This week, a short film titled Nike profits. Kangaroos die was released to expose the hidden cruelty behind soccer shoes made with kangaroo leather (also known as “k-leather”). The 60-second film was created by Hollywood producer Gavin Polone (who previously worked on Gilmore Girls, Panic Room, and other productions) and director Derek Ambrosi (who previously directed collaborations with music legends Jay-Z and Sean Puffy Combs). Made in partnership with animal-rights group The Center for a Humane Economy (CHE), the film follows the life of Nike’s soccer cleats in a reverse sequence, from soccer field to production factory and back to the brutal killing of wild kangaroos and their joeys in Australia.
“I wanted to expose the bloody truth that is being hidden from well-intentioned consumers who may have no idea how their ‘K-leather’ shoes are being made,” Polone said. “Nike can no longer hide its responsibility for this atrocity.”
Exposing the kangaroo leather trade
In July, CHE released an investigation that found more than 100 retailers and online stores—including Nike, Puma, and New Balance—selling soccer shoes made with k-leather in violation of a 2016 California law. In response, a group of Olympic athletes—including cycling silver medalist Dotsie Bausch, soccer gold medalist Heather Mitts, and track-and-field gold medalist David Verberg—sent a letter to Nike demanding that the company end its use of kangaroo skins. “We don’t treat sports as a cordoned-off enterprise set apart from the rest of the world and its swirl of social concerns,” Bauch said. “That means we care about the things we wear, the supply chain that allows them to be fabricated, and the precious world that we all inhabit with animals.”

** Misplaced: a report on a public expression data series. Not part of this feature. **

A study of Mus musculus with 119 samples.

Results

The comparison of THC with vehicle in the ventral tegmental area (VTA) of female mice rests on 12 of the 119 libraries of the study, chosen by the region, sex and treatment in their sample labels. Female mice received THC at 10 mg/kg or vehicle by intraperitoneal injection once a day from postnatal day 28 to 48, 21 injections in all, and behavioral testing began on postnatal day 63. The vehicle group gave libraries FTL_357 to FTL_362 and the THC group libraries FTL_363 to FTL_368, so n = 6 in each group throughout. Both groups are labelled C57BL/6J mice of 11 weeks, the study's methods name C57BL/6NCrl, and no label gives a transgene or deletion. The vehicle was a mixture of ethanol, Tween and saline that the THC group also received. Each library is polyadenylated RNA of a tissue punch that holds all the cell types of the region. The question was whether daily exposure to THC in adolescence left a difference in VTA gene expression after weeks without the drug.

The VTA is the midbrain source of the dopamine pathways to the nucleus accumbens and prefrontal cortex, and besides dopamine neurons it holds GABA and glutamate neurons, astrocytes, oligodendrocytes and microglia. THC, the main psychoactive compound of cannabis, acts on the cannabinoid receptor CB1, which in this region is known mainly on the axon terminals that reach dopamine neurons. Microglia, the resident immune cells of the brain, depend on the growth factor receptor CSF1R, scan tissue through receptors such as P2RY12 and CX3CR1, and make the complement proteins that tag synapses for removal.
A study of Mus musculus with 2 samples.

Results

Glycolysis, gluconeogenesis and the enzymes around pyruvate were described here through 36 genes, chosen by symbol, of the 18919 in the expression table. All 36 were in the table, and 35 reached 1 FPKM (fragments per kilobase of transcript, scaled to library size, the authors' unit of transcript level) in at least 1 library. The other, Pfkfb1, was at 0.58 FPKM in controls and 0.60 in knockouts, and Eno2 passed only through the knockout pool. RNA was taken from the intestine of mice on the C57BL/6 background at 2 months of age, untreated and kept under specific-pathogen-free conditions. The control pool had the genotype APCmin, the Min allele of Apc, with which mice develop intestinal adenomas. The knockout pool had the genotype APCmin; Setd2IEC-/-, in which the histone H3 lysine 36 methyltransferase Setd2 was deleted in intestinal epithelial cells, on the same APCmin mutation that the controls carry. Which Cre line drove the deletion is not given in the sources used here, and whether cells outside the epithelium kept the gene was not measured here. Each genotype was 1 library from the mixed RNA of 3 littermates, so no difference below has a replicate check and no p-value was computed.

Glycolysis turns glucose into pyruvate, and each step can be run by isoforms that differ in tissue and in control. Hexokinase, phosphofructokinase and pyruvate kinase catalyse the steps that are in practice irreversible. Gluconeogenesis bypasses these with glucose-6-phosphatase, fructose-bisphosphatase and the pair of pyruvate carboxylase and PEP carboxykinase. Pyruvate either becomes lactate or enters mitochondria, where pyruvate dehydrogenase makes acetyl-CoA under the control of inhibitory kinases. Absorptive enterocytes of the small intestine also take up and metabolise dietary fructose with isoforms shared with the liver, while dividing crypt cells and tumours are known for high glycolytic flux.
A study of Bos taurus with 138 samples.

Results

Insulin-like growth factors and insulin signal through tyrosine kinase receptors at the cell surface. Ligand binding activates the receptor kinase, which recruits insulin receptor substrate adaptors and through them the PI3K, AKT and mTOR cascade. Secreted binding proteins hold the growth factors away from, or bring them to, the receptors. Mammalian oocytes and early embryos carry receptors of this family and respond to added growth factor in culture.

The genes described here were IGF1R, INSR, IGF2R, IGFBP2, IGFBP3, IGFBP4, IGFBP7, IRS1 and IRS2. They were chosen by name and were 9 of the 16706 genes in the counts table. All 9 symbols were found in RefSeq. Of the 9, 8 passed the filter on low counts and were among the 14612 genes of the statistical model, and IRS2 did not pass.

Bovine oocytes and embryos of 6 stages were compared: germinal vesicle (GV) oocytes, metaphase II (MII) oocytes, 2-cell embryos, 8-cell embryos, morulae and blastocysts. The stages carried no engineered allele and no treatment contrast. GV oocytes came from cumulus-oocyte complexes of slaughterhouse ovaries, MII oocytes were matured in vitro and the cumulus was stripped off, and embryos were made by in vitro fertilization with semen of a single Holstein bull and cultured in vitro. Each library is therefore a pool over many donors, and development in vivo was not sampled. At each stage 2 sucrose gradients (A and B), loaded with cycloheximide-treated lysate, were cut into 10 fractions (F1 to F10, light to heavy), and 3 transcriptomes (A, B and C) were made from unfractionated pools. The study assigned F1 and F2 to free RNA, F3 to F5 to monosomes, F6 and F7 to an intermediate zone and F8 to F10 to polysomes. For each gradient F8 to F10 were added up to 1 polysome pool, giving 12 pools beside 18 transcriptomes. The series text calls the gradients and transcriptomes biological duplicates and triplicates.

Nike suspended the sale of k-leather shoes after it was informed of the investigation but resumed its sales of the shoes shortly thereafter.
Ending the slaughter of kangaroos
The new film is part of a larger global campaign inspired by the 2020 Australian wildfires, when people worldwide donated to help the billions of wild animals, including millions of kangaroos, who were displaced by the blazes but were unaware of the massacre of kangaroos for use in the sports and fashion industries. The film will be distributed through CHE’s partners, including SPCA International, on three continents. “SPCA International worked with so many teams on the ground in Australia in 2020 rescuing and rehabilitating kangaroos injured by the devastating bushfires,” SPCA International Executive Director Meredith Ayan said. “Kangaroos do not deserve to go through that trauma, be nursed back to health and released to the wild only to be killed in a brutal commercial hunt.”
CHE has also created a “no-buy” list of all companies that currently use kangaroo leather which can be found here.